Oct 062011
 

Everywhere I look, there are data breaches that I would want to include in DataLossDB.org’s database.  But as I backfill the database to include incidents reported on my blogs that were never in the database, my research stumbles over  tons of other breaches that should also be included.  Rather than getting closer and closer to finishing the backfilling task, it’s gotten huger and huger – so much so that I am beginning to think about changing my pseudonym to Sisyphus.

Complicating the task is the fact that we still have a lot of  newly revealed breaches that occurred in past years where we have insufficient information to create a reasonable entry in the database.  Consider this excerpt from a press release yesterday about Dionne Witherspoon’s sentencing:

According to information submitted to the court by Assistant U.S. Attorney Sherri L. Schornstein, Witherspoon helped organize a highly sophisticated identity theft and fraud ring from December 2006 through March 2010 that included more than 176 corporate and individual victims and at least 765 transactions resulting in approximately $1,446,805 in fraudulently obtained lines of credit and charges to those lines of credit of approximately $88,855.

Witherspoon put together an extensive network of co-conspirators who obtained victims’ identifying information and bank account information by stealing mail from the mailboxes at personal residences located in the District of Columbia and elsewhere.

The network also stole credit card receipts from a medical office in the 7300 block of Wisconsin Avenue NW and from two locations of Johnson’s Flower Shop, at 4200 Wisconsin Ave. NW, Washington, D.C. and 10313 Kensington Ave., Kensington, Md. In addition, credit card receipts and prescriptions were stolen from the CVS Pharmacy at 13th and U Streets NW, and student identifying information was stolen from Howard University.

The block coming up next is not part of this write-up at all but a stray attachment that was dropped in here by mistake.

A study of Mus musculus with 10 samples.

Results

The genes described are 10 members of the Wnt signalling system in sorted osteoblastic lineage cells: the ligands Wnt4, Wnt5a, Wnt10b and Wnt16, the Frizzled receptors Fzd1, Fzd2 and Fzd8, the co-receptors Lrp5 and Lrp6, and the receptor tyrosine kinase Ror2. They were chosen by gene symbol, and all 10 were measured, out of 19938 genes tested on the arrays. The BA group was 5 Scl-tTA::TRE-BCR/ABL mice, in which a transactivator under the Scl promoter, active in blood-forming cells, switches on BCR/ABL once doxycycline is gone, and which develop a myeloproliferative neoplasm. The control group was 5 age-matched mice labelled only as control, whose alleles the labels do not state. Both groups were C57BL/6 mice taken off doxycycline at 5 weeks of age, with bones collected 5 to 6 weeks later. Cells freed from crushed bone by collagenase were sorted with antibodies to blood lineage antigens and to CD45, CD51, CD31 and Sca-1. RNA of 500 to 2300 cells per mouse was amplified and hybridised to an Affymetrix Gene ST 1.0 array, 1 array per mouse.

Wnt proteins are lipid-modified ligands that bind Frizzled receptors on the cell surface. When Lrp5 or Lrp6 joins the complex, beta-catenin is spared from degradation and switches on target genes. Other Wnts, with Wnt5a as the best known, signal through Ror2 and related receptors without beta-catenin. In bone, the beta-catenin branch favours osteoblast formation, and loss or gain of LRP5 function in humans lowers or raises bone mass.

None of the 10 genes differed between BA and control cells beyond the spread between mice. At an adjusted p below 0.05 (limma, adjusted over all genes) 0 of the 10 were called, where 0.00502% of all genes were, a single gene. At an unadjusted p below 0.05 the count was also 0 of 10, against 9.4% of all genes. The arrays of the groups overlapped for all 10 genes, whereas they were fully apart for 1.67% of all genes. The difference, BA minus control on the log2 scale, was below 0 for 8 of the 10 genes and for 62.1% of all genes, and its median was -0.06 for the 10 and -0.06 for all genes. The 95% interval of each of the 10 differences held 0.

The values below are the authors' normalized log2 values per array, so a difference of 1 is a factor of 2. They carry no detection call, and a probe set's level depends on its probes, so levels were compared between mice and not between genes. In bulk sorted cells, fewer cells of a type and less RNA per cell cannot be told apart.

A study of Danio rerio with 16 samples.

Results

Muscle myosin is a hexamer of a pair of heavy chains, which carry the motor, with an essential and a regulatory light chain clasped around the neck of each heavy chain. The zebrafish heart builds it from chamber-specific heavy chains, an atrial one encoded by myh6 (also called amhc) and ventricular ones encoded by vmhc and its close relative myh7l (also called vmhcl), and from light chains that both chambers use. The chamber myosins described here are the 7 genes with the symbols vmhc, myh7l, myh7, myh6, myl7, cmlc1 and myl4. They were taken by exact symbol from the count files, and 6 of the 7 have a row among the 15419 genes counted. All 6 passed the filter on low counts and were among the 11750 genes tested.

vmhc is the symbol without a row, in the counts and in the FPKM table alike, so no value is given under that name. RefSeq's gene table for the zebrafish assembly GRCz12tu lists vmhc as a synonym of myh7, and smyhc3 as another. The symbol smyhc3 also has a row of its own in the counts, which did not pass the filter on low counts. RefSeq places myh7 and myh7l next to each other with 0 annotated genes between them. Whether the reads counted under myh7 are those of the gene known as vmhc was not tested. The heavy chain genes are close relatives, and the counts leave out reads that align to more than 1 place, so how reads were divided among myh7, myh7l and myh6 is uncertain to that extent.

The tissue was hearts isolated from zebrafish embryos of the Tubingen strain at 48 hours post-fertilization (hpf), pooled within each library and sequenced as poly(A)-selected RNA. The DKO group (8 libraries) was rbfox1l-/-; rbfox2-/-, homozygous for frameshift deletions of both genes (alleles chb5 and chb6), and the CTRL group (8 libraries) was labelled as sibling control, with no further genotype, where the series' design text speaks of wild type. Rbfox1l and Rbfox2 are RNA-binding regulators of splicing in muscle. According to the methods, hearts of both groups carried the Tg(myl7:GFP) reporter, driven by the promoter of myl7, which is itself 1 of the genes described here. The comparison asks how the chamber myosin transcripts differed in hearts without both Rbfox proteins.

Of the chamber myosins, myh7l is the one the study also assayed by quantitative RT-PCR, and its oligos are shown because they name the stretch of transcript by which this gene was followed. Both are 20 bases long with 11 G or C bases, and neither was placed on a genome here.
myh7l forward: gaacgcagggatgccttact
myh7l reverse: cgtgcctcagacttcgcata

Whose medical office? Did we know about this before? Did the patients know about this? And what about Johnson’s Flower Shop? That breach was never in the media as far as I can find. Were those customers notified and if so, by whom, and when? And were the Howard University data from a stolen laptop incident we knew about or from some low-tech theft of paper records? And what about the CVS receipts? Did CVS know and report this to HHS/OCR and the patients?

This press release reveals four incidents that should be in the database (or five if you count the two flower shop stores as separate incidents). Four incidents associated with ID theft that we did not know about. That’s four too many, for my money.

There really needs to be a revision in the way breaches are handled so that the public is assured that they will be notified of breaches involved in criminal investigations and that we are provided with sufficient details about these incidents so that we can learn from them. Otherwise, I fear that too many security analyses will continue to focus on high-tech breaches while ignoring the low-tech paper theft incidents that lead to ID theft and fraud.

In the meantime, I’m going to grab more coffee and add a note to myself to add these frustratingly incomplete entries in the database.

  4 Responses to “Some days, I pull my hair out, Thursday edition”

  1. I can relate. Gathering data security news is a complicated chore, but you can take solace in the knowledge that you are educating a lot of people and performing a good job.

  2. amen!!! This is why we need a single database as a requirement of the new legislation – without any safe harbors.

  3. what most people don’t know is you do this for free and after working a full time job. Dissent should receive many kudos and if you can contribute to this effort you should. Too many people use the info from this listing for free to make their own lists which then get publicity. At least list the resource- THIS ONE- where you got the info. It is easy to just lift data and plop it into your own list. Give credit where credit is due.

    1 million Shout OUTs for the person who takes so much time to educate us all. Thank you dissent,

    • Thanks so much for the kind words. I know there are many companies who use the data I compile – whether here or for DLDB – to promote their services or agenda. Those companies or non-profits should actively and financially support DLDB. If they throw money at this site, they can’t get a tax deduction, and I don’t accept donations anyway, but donations to DataLossDB are probably deductible for them.